China's canola meal supply may fall as import rules to tighten
BEIJING - China may suffer a shortage of canola meal, a protein-rich feed ingredient, after Beijing plans to toughen the import standards for the oilseed from major exporters, industry analysts said.
China will allow no more than 1 percent of foreign material in canola shipments starting April 1, the country's quarantine agency said last month. The higher standard may be costly for Canadian exporters, resulting in the country taking a more cautious approach to selling canola to China.
Canada is China's largest supplier of the oilseed, known also as rapeseed. Industry participants have speculated that the higher standard is part of a plan to reduce China's large canola oil stockpiles by reducing seed imports rather than because of concerns about the transmission of the blackleg fungus.
Expectations of low canola oilseed imports coupled with a big drop in the domestic harvest means China may have to increase imports of canola meal this year to meet the needs of the fish-farming sector, the three analysts said.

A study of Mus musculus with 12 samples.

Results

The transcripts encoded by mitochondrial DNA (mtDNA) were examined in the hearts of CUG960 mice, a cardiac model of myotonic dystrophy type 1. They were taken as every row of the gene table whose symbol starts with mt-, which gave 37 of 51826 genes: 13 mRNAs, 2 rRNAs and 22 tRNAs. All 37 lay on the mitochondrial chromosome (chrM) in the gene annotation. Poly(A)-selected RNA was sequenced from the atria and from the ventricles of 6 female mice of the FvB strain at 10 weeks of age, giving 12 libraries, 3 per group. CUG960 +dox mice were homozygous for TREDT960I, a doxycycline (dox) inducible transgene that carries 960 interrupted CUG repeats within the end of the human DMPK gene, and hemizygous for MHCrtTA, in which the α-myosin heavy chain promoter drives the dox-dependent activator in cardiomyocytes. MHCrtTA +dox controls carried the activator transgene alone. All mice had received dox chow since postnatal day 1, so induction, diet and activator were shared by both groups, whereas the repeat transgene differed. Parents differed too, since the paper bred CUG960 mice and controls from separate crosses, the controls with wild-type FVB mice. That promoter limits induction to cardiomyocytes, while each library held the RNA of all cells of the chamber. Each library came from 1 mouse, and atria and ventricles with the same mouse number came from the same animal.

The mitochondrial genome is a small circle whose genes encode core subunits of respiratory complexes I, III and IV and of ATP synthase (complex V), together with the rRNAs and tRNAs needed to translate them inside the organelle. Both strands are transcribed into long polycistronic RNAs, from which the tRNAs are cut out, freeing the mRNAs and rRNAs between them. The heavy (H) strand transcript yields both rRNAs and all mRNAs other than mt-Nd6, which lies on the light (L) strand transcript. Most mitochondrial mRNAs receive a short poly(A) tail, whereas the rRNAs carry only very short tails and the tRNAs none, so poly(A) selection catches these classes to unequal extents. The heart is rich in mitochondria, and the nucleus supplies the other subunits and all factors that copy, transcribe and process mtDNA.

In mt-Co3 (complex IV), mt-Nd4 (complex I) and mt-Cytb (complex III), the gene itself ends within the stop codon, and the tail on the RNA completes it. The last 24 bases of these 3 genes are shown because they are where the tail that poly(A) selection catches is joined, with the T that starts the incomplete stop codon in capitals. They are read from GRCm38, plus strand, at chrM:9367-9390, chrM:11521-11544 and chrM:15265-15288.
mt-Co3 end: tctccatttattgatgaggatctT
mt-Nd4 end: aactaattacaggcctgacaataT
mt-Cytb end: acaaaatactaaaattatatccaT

"There will be a shortage of canola meal at home. Feed mills may have to increase imports whenever prices are favourable," said one industry analyst with an official think-tank.
Chinese feed mills consume about 11 million metric tons of canola meal a year and soymeal has already replaced the use of canola meal to a large extent since 2015. The replacement would continue this year and that would cap the growth of imports, the analysts said.
But for fish farming, canola meal can not be replaced fully, they said.
"But imports would not return to the 2011 level, though there could be a short-term spike during the peak consuming season" from May to August, said Xu Aixia, an analyst with Everbright Futures Co. Ltd.
China imported a record 1.38 million metric tons of canola meal in 2011 after Beijing banned canola imports from Canada due to fungal disease in 2009.
Canola is crushed into meal and edible oil.
Beijing has been selling its sizable state rapeseed oil reserves, equivalent to about one year of consumption.
This week, the government sold 93,041 metric tons at an average price of 5,335 yuan ($815.40) per metric ton, slightly lower than last week's sale of 105,488 metric tons. This week's sale brought the government's total sales to 625,000 metric tons since December when inventory sales restarted.